One of the best things about Ethiopian food is that no other cuisine in the world is quite like it. Traditional cooking here blends unique combinations of spices to create distinct flavours: some hot, some savoury. Spices are the key ingredients for many types of Ethiopian wat (a dish somewhere between a stew and a curry) that are eaten with flat, spongy bread called injera.
Ethiopian restaurants can be found the world over, but none compare with the food made in Addis Ababa, Ethiopia’s sprawling capital. Vegetables are locally sourced, and the meat typically comes from freshly killed animals. Nothing here is mass produced, and every dish is made fresh to order. Addis Ababa is the best place in the country to try Ethiopian food, and these are five of the top restaurants where you can dig into the local scene.
Oda Cultural Restaurant and Cafe
Inside the Oromo Cultural Center is the Oda Restaurant and Cafe, which you might recognise from Anthony Bourdain’s Ethiopia visit on No Reservations. The Oromo are one of the largest ethnic groups in eastern Africa, and the Center’s restaurant showcases the best of Oromo culture. The hall is furnished with pinewood-carved furniture and curtains made of traditional fabric. Injera made of tikur teff (a black grain about the size of a poppy seed considered to be more nutritious than the more refined white teff), spiced butter and beso (roasted and ground barley) are at the heart of Oromo cuisine. Chumbo is prepared with black teff baked thick and yoghurt, cheese, and spiced butter spilled on top so that it looks like cake. Buna qalaa (roasted coffee dipped in butter) is a cultural snack that gives coffee deeper flavours. The Oromo Cultural Center is near the National Stadium.
In the busy neighbourhood around the Lideta condominiums, you'll find a truly local sensation: a shiro bet (shiro house). You can guess Tikus Shiro's speciality from the name: delicious shiro, a stew made of chickpea or bean flour, served with injera. You’ll find shiro on many restaurant menus around Ethiopia, but what drives most people to Lideta is the ‘half-half’ option, where you can pick two dishes from the menu and get a half portion of each. Worth trying are bozena shiro (shiro stew with meat), misir be kuanta (lentils with dried meat), gomen (Ethiopian cabbage), and timatim kurt (a spicy tomato salad served raw or heated). Enjoy your selection in the condominium courtyard’s refreshing garden to cool off from the heat on the street. After your meal, have a strong cup of freshly brewed Ethiopian coffee or a glass of homemade tej (honey wine).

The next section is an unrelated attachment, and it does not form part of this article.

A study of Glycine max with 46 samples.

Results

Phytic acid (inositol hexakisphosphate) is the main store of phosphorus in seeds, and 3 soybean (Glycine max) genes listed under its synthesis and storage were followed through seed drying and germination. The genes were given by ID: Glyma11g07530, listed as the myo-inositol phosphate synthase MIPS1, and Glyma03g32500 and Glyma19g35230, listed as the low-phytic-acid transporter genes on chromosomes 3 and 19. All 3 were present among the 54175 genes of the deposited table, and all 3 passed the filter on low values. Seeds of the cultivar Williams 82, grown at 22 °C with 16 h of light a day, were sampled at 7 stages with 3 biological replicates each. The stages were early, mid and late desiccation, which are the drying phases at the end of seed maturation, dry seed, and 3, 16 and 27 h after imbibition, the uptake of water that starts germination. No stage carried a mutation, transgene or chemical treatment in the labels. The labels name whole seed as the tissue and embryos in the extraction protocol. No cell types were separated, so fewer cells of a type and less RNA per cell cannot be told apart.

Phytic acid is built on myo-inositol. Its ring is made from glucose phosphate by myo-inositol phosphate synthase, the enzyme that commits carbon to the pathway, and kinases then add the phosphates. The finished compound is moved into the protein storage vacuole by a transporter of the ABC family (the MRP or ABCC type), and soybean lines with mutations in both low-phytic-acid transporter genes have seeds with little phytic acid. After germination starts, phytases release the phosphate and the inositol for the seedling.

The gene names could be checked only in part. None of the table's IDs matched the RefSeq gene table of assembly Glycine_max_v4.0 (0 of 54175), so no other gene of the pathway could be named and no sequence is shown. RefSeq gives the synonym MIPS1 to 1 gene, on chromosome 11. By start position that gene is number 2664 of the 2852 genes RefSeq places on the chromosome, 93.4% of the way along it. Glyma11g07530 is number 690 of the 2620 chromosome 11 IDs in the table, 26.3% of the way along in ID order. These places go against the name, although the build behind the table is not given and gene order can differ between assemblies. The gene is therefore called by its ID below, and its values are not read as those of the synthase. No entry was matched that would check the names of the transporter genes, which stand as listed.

In the heart of the Cazanches district near a stack of popular chain hotels, delicious Ethiopian fare is served up in a centuries-old house once owned by a military hero. The house preserves the 19th-century way of life with old artworks and black-and-white photographs of royals and foreign dignitaries. From the kitchen drifts the aroma of traditional Ethiopian dishes from the recipe book of the famous chef Chanyalew Mekonen (aka Chane), who used to cook at the German Embassy and for the Emperor of Ethiopia before starting this restaurant. Chane died in January 2017, but fortunately he left his legacy and the art of cooking to his son and wife. The restaurant serves a limited selection of dishes, many of which Chane invented.
Don’t leave without trying Ethiopia's favourite dish, the doro wat (a spicy chicken stew that can be tempered with injera and mild goat cheese). On Wednesdays and Fridays, traditional fasting days when no animal products should be eaten, shiro wat (a mild nutty-tasting stew made from chickpea flour) is served instead. Although shiro is a common and easily made dish, Chane's shiro is widely regarded as the best in town.
Yod Abyssinia highlights all of the cultures and cuisines that Ethiopia has to offer. A lot of effort has been put in to make the place look as authentic as possible. The spacious main hall is designed to resemble a typical hut and is full of eye-catching materials, from traditional hand-woven curtains to serving dishes made of woven grass. Diners sit at the traditional tables and chairs, wide, short wooden tables surrounded by three-legged stools. Yod Abyssinia serves nearly all of the dishes from the country’s many ethnicities, and the food is presented by culturally dressed staff. During the day, the mood is calm and relaxed, but at night, the meal is accompanied by a traditional music and dance performance. Pack your dancing shoes because guests are encouraged to join in. You’ll find Yod Abyssinia behind the Millennium Hall in Bole, near the airport.
Ethiopia is home to people of diverse ethnicities, and the mix of their tastes and cultures has produced some amazing cuisine. Raw meat is one of most the highly regarded Ethiopian dishes, and it’s usually reserved for special occasions. Even if you’re not celebrating, you can try one of Brundo’s many popular meat dishes, such as kurt (raw meat taken from the choicest parts of an ox) and tibs (cooked beef tips).
However, the restaurant is best known for its kitfo, which is made from the softest and reddest parts of the meat, which is ground and mixed with spiced butter and mitmita (a spice made of ground birds eye chilli pepper, salt, cardamom seeds and cloves). If you don't like the taste of the raw meat, ask for a heated kitfo, called kitfo leb leb, which looks like highly seasoned minced beef. Tej, a traditional Ethiopian alcohol made from fermented honey, is the perfect accompaniment to such a meal and is also served here.
You’ll find Brundo at Dawit Kitfo, in front of the European Commission for Africa in Atlas.